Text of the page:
GOP Elites, Dole, DeLay Go After Gingrich

There is no question that former House Speaker Newt Gingrich is getting lots of press these days. However, some of it may not be too flattering. A handful of Republican "elites," and even some of his past leadership team in Congress, are bashing Gingrich as anything but a true conservative in issues ranging from abortion to foreign policy.

In an article in Wednesday's National Review, Elliott Abrams, who served in top-level positions in both the Reagan and Bush administrations, claims Gingrich spent the majority of his early years in Congress criticizing Reagan's strategy in dealing with the Soviet Union.

"As a new member of Congress in the Reagan years – and I was an assistant secretary of state – Mr. Gingrich voted with the president regularly, but equally often spewed insulting rhetoric at Reagan, his top aides, and his policies to defeat Communism," Abrams wrote. "Gingrich was voluble and certain in predicting that Reagan's policies would fail, and in all of this he was dead wrong."


"I have not been critical of Newt Gingrich but it is now time to take a stand before it is too late," Dole said in a statement given to National Review. "If Gingrich is the nominee it will have an adverse impact on Republican candidates running for county, state, and federal offices. Hardly anyone who served with Newt in Congress has endorsed him and that fact speaks for itself. He was a one-man-band who rarely took advice. It was his way or the highway."

"In my run for the presidency in 1996 the Democrats greeted me with a number of negative TV ads and in every one of them Newt was in the ad," continued Dole. "He was very unpopular and I am not only certain that this did not help me, but that it also cost House seats that year. Newt would show up at the campaign headquarters with an empty bucket in his hand – that was a symbol of some sort for him – and I never did know what he was doing or why he was doing it, and I'm not certain he knew either."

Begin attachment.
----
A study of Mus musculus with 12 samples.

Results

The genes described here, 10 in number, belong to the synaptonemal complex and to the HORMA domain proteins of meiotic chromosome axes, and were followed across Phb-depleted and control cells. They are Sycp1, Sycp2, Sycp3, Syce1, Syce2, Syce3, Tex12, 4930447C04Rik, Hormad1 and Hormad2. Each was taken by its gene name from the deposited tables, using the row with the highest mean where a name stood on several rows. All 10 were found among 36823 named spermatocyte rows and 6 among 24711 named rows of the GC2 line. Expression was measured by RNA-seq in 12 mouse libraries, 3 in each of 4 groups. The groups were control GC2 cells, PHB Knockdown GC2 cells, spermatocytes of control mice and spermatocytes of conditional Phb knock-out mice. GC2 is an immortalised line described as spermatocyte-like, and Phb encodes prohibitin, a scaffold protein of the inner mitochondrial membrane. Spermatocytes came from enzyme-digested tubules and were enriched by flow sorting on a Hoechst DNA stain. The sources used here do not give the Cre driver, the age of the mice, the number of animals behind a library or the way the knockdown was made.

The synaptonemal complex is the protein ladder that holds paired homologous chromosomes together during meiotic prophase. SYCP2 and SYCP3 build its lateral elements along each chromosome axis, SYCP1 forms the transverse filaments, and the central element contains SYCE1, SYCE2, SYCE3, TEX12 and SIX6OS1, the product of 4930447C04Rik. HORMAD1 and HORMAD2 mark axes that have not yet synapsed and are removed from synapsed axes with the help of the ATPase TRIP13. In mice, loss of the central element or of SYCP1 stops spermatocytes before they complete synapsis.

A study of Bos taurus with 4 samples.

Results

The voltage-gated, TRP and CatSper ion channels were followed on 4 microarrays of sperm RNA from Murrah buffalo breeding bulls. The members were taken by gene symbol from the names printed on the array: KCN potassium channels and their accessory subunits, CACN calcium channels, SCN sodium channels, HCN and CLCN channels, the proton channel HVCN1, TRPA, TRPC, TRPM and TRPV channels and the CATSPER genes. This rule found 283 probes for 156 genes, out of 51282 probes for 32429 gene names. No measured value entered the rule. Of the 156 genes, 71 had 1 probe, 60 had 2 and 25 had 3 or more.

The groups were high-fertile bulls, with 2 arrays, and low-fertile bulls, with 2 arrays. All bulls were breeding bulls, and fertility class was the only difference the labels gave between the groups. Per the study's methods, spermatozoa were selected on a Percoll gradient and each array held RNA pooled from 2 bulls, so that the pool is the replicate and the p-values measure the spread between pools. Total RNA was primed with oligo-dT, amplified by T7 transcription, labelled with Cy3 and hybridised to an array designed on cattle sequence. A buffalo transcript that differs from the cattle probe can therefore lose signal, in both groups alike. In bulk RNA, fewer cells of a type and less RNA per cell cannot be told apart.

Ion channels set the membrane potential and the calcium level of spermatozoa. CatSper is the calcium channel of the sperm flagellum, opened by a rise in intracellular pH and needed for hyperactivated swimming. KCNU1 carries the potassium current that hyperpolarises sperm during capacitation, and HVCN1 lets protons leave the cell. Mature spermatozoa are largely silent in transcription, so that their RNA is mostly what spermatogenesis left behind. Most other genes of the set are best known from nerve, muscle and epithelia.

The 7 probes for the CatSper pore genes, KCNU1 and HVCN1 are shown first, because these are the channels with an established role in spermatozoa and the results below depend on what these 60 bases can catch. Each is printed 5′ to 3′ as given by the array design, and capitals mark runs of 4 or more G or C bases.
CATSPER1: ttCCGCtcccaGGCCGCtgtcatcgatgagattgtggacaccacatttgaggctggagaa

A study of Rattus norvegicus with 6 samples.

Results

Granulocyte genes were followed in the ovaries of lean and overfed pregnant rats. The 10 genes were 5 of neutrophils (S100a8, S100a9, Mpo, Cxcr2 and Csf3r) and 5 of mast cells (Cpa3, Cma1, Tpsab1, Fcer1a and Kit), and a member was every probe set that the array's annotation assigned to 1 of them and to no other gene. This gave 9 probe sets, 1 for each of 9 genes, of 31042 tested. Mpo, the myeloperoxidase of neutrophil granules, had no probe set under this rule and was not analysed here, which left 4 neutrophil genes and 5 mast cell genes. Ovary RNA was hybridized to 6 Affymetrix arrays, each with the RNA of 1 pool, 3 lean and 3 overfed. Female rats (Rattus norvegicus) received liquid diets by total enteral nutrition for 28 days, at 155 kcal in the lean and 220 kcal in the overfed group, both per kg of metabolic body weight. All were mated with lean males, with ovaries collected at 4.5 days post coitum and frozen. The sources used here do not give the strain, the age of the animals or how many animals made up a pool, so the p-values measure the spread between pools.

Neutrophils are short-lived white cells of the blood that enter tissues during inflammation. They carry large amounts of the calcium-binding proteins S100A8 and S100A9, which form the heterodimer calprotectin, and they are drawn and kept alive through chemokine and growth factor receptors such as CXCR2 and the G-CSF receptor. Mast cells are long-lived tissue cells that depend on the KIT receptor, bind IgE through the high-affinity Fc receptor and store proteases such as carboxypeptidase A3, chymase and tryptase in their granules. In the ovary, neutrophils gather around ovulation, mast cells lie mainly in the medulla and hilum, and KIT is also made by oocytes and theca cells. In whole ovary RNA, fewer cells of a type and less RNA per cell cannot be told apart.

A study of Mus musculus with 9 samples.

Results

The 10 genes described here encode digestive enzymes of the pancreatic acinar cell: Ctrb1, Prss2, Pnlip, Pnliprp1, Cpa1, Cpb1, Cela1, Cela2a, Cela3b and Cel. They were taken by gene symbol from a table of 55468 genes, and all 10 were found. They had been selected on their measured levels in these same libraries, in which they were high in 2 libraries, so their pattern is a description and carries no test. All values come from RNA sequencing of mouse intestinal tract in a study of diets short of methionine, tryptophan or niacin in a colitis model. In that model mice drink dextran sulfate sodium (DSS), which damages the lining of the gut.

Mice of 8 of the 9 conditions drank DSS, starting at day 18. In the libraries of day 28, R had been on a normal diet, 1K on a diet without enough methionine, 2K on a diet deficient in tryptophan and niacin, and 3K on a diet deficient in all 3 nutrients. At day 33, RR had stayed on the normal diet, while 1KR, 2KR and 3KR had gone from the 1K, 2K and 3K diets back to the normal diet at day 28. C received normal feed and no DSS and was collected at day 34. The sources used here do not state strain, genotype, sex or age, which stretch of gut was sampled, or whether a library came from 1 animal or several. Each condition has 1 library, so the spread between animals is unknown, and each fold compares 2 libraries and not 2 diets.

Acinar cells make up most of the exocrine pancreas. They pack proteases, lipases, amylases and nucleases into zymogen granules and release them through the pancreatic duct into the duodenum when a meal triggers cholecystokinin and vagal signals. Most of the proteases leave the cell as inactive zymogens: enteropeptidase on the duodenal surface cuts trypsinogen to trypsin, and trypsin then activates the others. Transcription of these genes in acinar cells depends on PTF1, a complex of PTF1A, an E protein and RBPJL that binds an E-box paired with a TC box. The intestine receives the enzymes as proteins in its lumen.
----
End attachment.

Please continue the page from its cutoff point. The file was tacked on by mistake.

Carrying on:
DeLay, meanwhile, told USA Today, "What has been said about Newt is pretty much true. He had to step down because conservative Republicans wouldn't vote for him again as speaker…because he's not really a conservative."

"He'll tell you what you want to hear," DeLay said. "He has an uncanny ability, sort of like (Bill) Clinton, to feel your pain and know his audience and speak to his audience and fire them up. When he was speaker, he was erratic, undisciplined."

Two former members of Congress, who did not want to talk on the record and served under Gingrich, were involved in the initial meetings to oust Gingrich. Both confirmed DeLay's comments about Gingrich's lack of discipline in conversations with The Christian Post.

"Newt just got too big for his britches," said one former member. "A group of us got together because we felt what we had worked so hard to achieve was slipping through our fingers. Of course former majority leader Dick Armey was part of our discussions until he threw most of us under the bus by running back to Newt."

Columnist Ann Coulter, who espouses conservative fiscal and foreign policy issues, has also jumped on the anti-Newt bandwagon by defending Romney's reversal on abortion.

Romney changed his mind on abortion – "not when it was politically advantageous, but when it mattered," Coulter wrote on her website. "As governor of liberal, pro-choice Massachusetts, he vetoed an embryonic stem cell bill and 'worked closely' with Massachusetts Citizens for Life. The president of MCL recently issued a statement saying that, "since being elected governor, Mitt Romney has had a consistent commitment to the culture of life."

"He didn't defend his changed position by saying he was a 'historian,' or denounce people who raised the switch as 'fundamentally' dishonest asking 'absurd' questions, or go back and forth and back and forth," Coulter continued. "He just said he changed his mind. Meanwhile, Gingrich, who has run for office only in a small, majority Republican, undoubtedly pro-life congressional district, lobbied President Bush to support embryonic stem cell research."

Regardless of the rhetoric coming from Romney or Gingrich's respective camps, the race in both Florida and nationally is getting tighter.

In the Real Clear Politics average of Florida polls, Romney still holds a slight 3-point lead over Gingrich. However, the RCP national average of the GOP race has Gingrich and Romney in a dead heat, with Gingrich holding an insignificant 1 point lead. Former Pennsylvania Sen. Rick Santorum comes in at 14 percent and Texas Rep. Ron Paul has a 12 percent in the average of national polls.